When Should You Sharpen Your Chainsaw Chain?

how to sharpen a chainsaw blade

 

We're an affiliate

We hope you love the products we recommend! Just so you know, we may collect a share of sales or other compensation from the links on this page. Thank you if you use our links, we really appreciate it!

While it is all good and well to know how to sharpen your chainsaw chain, one of the more important factors is knowing when you should sharpen it. It’s relatively pointless to sharpen the chain well before it needs it, and if you leave it too long, you may have to replace it. When it comes to sharpening a chainsaw chain, timing is everything.

Using a dull chainsaw poses serious safety risks for yourself and the people standing nearby. You may also find that using slow chainsaw tires you out much faster than using a sharp one, simply because you will need to exert more force on the blade as it cuts through the wood.

Several signs will be present when your chainsaw chain is in desperate need of sharpening:

How does your chainsaw feel when it is sharp and in perfect working condition? The cuts generally produce rather large chunks of wood that are square-ish in shape. If your chain needs to be sharpened, however, your chainsaw is more likely to produce sawdust.

When cutting a felled tree, your chainsaw should go straight through it in a straight line (due to its self-feeding design; the teeth of the chain pull the blade more in-depth into the wood). If your chain needs to be sharpened, however, your chainsaw will start to pull to either the left or the right, as the teeth can not grip.

A chainsaw is usually pretty effective at guiding itself through a log; you don’t have to use very much force at all. If your chain needs to be sharpened, however, your chainsaw will require much more downward force to get it to cut through the wood effectively.

When you are next using your chainsaw, look out for any of the above signs – are you producing wood chunks or sawdust; is the blade pulling to one side; do you need to exert more force than usual? All of these are signs that your chainsaw’s chain is in desperate need of sharpening. Please don’t leave it too late, or you may find yourself the recipient of a serious injury.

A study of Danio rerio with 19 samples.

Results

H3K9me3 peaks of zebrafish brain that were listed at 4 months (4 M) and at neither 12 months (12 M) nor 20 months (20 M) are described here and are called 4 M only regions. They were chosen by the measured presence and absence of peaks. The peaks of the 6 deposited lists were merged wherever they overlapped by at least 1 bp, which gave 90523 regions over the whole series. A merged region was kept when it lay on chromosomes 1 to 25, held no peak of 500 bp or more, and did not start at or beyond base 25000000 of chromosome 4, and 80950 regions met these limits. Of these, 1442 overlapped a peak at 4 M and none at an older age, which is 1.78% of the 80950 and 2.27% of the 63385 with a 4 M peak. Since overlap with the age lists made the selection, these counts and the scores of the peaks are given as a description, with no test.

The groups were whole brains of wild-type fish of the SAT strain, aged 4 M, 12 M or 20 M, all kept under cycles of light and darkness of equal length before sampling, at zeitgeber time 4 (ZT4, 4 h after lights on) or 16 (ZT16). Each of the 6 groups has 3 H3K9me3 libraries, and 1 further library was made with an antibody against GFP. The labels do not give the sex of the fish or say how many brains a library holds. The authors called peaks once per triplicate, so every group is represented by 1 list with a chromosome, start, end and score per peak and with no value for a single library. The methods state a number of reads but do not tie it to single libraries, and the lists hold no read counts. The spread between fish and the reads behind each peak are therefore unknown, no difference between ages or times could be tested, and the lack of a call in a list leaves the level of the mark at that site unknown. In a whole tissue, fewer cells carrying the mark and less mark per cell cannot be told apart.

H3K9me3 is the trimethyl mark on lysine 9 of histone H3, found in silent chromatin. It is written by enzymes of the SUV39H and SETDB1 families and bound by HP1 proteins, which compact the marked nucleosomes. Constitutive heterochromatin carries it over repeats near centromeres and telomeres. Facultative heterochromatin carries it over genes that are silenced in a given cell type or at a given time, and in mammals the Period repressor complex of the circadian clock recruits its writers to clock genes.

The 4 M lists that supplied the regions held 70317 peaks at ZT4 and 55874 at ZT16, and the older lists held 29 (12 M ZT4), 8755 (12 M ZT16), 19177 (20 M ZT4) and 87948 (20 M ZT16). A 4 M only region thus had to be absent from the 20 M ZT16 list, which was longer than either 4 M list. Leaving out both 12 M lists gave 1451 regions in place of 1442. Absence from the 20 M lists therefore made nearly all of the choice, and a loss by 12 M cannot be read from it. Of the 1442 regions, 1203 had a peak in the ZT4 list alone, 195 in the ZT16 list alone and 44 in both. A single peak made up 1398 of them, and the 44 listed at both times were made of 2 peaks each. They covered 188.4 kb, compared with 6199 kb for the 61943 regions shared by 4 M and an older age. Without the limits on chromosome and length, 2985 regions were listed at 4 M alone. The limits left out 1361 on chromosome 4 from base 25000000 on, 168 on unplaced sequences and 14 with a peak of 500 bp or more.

Electric Chainsaw Sharpener For Weekend Warriors

It’s incredible how far chainsaw sharpeners have come in the past few years. It’s still wise to have a trusty round file with you in the woods for touch-ups, but one hundred dollars will buy you an excellent electric chainsaw sharpener to mount in your workshop for perfect chain sharpening.

Several manufacturers now sell electric bench mounted chainsaw sharpeners, which allow very accurate settings for the angle of the grinder and the depth of cut. Automatic chain feeds quickly move the chain to the next tooth, so all you have to do is lower the grinding head for a second on each cutter. As soon as you raise the grinding wheel from the chain, the automatic feeder slides the chain to the next cutting tip, and you repeat the process.

Some of the more popular models, such as the Garrett Wade 45T01 chainsaw sharpener, are very inexpensive and do as good a job as any professional chainsaw sharpener. Many of these sharpeners are manufactured in Italy and are commonly referred to as “easy use” chainsaw sharpeners in Europe.

These types of electric chain saw sharpeners usually come in different configurations, including standard models that sell for approximately $65 – $75, and quick feed chainsaw sharpener models that sell for roughly $100. The fast feed models include fully automatic electric chain feed mechanisms, so all you have to do is lower the grinding wheel to sharpen each tooth professionally.

The average chainsaw chain can be sharpened in one minute or less with this type of electric chainsaw sharpener. Most models include exact angle settings and depth gauges and are easily bench mounted in any workshop. They are light and compact, so they don’t take up much room at all.

Some people will argue sharpening achieved from a chain grinder is never the same as when using a hand-held round file due to the shape of the mill and the method in which it moves into the tooth. This may be true if you are a professional logger and use a round file every day to perform your job. For 99% of the population, there is no way that they can achieve the same consistency that you get with an automated electric chainsaw sharpener.

The consistent angle of sharpening that is achieved with an electric chainsaw sharpener, as well as the constant depth and length of time that the grinding wheel is in contact with every tooth, will provide far superior results. Amateur weekend warriors can now achieve professional results in minutes with an inexpensive electric chainsaw sharpener.